Weather News

La Nina declared by America and Japan, not yet by Australia

Ben Domensino, Friday September 11, 2020 - 10:45 EST

The U.S. Climate Prediction Centre (CPC) and the Japan Meteorological Agency (JMA) both declared on Thursday that La Niña conditions are present in the Pacific Ocean.

La Niña is one of three phases in the Pacific Ocean's El-Nino Southern Oscillation (ENSO) and it has a strong influence on weather patterns around the world. La Niña events can cause above-average rain over large parts of Australia, a more active Atlantic hurricane season and abnormally cool and dry weather in western parts of tropical South America, just to name a few.

In Australia, the last significant La Niña events occurred back-to-back between 2010 and 2012, resulting in Australia's wettest two-year period on record and widespread flooding.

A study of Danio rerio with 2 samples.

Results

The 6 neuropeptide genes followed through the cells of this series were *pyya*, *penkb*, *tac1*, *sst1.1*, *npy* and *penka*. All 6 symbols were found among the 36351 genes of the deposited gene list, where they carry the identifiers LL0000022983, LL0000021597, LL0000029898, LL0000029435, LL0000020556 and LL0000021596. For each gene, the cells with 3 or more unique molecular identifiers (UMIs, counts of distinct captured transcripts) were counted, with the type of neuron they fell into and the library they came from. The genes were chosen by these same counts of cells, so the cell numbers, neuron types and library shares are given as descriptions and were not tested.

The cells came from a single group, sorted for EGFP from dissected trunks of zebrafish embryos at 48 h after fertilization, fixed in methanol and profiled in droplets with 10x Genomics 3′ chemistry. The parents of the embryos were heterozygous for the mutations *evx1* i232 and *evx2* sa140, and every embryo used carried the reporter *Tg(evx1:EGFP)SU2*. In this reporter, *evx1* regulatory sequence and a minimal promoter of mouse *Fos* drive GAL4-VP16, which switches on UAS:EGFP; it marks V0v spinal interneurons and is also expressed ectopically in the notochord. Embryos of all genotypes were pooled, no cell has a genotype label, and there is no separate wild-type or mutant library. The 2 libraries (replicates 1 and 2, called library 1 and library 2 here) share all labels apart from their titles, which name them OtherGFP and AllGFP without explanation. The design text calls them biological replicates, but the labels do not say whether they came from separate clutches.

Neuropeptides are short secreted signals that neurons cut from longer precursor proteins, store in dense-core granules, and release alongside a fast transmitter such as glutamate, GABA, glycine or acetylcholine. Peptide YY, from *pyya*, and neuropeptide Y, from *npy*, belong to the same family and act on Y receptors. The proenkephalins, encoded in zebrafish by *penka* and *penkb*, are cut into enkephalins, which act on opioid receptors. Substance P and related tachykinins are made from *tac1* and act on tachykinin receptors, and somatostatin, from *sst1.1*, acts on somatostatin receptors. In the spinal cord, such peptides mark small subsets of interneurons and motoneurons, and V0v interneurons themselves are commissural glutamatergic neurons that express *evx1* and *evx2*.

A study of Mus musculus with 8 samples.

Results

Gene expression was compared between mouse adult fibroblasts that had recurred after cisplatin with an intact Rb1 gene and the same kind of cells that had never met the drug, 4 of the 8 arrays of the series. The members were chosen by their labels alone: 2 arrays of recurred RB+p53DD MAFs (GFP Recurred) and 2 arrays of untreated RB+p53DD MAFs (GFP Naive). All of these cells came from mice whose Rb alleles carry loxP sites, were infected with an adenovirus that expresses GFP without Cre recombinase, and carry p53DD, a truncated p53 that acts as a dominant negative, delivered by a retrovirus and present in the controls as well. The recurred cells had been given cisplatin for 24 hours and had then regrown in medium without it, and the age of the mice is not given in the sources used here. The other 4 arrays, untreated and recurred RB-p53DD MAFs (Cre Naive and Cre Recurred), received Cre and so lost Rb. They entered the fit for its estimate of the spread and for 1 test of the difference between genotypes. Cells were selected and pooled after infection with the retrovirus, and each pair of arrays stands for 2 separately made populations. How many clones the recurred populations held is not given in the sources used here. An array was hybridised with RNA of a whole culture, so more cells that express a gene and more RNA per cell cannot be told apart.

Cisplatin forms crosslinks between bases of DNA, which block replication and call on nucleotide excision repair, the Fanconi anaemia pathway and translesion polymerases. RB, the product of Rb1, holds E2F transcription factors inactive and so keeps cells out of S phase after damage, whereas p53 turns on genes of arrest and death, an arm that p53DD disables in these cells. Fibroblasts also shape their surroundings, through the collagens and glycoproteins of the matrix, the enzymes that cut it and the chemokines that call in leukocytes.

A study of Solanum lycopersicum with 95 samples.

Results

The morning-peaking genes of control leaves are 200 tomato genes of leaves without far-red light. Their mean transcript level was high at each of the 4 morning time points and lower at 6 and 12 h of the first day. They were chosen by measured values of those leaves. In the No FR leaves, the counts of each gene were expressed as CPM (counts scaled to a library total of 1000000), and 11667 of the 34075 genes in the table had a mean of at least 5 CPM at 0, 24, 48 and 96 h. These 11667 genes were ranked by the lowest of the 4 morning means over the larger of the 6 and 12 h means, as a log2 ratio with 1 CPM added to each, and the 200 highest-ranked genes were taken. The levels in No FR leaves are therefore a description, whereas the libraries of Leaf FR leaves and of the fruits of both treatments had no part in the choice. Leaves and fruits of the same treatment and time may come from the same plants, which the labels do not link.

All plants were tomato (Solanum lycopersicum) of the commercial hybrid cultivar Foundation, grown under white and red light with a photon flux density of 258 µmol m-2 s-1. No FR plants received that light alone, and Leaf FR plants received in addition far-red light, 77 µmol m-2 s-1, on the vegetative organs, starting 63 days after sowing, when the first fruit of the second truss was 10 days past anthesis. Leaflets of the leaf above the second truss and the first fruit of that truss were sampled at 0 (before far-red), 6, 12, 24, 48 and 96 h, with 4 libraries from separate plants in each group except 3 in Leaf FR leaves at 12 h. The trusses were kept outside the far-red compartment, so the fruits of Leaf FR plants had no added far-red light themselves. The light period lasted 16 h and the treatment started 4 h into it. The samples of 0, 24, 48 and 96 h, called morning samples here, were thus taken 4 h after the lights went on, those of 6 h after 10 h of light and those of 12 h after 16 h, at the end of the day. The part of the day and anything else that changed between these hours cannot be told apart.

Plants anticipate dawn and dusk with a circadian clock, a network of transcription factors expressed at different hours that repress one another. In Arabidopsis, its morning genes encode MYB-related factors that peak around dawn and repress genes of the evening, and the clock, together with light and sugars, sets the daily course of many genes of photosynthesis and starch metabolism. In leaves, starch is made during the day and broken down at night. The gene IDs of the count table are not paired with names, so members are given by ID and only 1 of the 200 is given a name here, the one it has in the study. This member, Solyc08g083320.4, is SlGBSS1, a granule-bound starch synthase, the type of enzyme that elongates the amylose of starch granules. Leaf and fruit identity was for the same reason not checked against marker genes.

Image: Rainfall deciles between April 2010 and March 2012, which was Australia's wettest 24-month period on record.

But while Australia can be significantly affected by La Niña, the Bureau of Meteorology is yet to join ranks with the CPC and JMA in declaring that La Niña is underway.

The Bureau currently has a La Niña Alert in place, rating the likelihood of La Niña developing in the coming months at 70 percent. While this appears to disagree with the American and Japanese climate monitoring agencies, the discrepancy simply comes down to a difference in criteria for declaring La Niña.

Put simply, both the CPC and JMA have slightly lower thresholds for declaring La Niña than Australia's Bureau of Meteorology does. The Australian rating system requires some key indicators to be a little bit stronger and be observed for a little bit longer before declaring a fully-fledged La Niña event.

Despite the contrasting information, it's clear that a La Niña-like pattern is clearly established in the Pacific Ocean and is expected to persist in the months ahead. This is likely to have an impact on the weather in Australia during the remainder of 2020.

Some of the main impacts of La Niña in Australia are above average rainfall, below-average maximum temperatures, and early monsoon onset and a more active tropical cyclone season.